By Anand Gopal

Because of a suicide attacker with a bomb in his turban, Afghanistan’s dim prospects for peace just got dimmer. The assassination of strongman and key historical and present Afghan political figure Burhanuddin Rabbani, head of the commission meant to negotiate with the Taliban, the High Peace Council (HPC), signals the massive challenges ahead in efforts to end the war. 

For many in the Afghan government, Rabbani’s appointment to head the HPC was seen as a way to involve the anti-Taliban Northern Alliance, and in particular, Rabbani’s Jamiat-e-Islami party, in the peace process. Jamiat, which has long been hostile to the Taliban, is an important force in northern Afghanistan, particularly among ethnic Tajiks. But many in the Taliban and in Pakistan met the appointment with derision. As the country’s president in the mid-nineties, Rabbani presided over a brutal civil war that killed thousands and helped spawn the rise of the Taliban movement. In the late 90s, Jamiat was one of the Taliban’s main foes in the latter’s drive to conquer the north. Pakistan, meanwhile, has always viewed the India- and Iran-friendly Rabbani with hostility. 

Rabbani, who likely saw the peace process as a way to re-inject himself into the national political scene, initially took to his duties with alacrity. But it was unclear whether he was pursuing a sort of managed surrender (reintegration) or genuine negotiations. In any event, the lack of progress, hostility from the Taliban side and a spate of assassinations appeared to have turned him against a peace deal. He recently told the Afghan newspaper Hasht-e-Sob that the Taliban are a “catastrophe-creating movement” bent on the destruction of the country. “The Taliban’s acts have defamed religious scholars and this movement calling itself Taliban creates disaster,” he said. “They recruit soldiers among the youth and claim that they are from madrassas.”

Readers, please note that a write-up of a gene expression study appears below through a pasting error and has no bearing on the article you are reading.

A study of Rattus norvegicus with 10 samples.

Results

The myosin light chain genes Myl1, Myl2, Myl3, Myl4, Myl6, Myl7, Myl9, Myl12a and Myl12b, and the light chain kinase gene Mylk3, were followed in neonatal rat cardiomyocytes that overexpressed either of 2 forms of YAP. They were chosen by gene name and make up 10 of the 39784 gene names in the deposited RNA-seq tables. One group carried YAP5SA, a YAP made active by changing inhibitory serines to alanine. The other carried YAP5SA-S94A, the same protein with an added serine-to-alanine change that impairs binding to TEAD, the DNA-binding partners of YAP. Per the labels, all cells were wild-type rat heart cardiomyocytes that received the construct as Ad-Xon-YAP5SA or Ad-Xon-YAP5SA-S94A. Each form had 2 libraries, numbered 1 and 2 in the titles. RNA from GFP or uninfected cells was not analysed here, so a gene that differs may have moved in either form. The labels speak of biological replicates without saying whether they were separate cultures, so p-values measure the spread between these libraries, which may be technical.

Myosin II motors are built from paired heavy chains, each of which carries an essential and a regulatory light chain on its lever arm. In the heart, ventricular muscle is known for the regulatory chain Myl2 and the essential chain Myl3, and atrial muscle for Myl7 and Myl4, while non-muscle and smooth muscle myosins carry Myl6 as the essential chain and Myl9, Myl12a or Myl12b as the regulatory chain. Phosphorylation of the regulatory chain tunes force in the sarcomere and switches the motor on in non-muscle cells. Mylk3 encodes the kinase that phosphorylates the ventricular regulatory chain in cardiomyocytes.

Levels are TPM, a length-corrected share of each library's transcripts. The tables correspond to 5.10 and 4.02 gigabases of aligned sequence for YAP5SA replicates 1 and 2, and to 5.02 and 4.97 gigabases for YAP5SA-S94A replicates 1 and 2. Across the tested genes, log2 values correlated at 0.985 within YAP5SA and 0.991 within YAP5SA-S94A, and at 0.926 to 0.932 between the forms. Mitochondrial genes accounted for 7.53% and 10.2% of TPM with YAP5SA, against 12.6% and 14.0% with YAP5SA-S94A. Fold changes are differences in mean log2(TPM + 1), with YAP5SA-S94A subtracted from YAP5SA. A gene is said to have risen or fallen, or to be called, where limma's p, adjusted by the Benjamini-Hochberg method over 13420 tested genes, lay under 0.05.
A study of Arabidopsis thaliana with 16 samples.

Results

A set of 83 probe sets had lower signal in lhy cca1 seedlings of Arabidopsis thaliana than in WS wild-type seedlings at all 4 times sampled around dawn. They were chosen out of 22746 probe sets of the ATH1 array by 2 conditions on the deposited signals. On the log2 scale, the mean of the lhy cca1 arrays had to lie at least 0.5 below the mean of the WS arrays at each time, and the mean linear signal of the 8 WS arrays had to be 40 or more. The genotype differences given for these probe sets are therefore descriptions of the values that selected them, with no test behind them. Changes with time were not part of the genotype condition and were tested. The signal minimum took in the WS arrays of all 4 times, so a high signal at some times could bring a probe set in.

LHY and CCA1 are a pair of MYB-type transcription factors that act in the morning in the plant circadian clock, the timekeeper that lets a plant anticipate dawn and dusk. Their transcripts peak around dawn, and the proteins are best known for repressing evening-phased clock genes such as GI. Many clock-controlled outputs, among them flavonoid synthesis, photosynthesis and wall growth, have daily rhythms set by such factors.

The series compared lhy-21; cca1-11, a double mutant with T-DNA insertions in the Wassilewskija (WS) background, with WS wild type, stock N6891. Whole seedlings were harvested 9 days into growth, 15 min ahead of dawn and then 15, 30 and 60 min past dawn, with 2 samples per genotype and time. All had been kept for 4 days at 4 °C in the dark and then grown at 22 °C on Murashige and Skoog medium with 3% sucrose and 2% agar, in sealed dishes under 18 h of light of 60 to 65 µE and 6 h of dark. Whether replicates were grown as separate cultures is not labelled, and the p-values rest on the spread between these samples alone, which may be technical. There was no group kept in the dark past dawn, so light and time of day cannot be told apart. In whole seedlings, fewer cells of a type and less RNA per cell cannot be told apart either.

In a stark message on the anniversary of the death of Afghan national hero and slain Northern Alliance leader Ahmed Shah Massoud, he declared that:

“The people are justifying the war they have waged and say that they are fighting the war because of the presence of the foreigners. This is not the case actually. This war was going on prior to the presence of the foreigners here and will continue after the foreigners go from here.”


As published in www.foreignpolicy.com on September 20, 2011.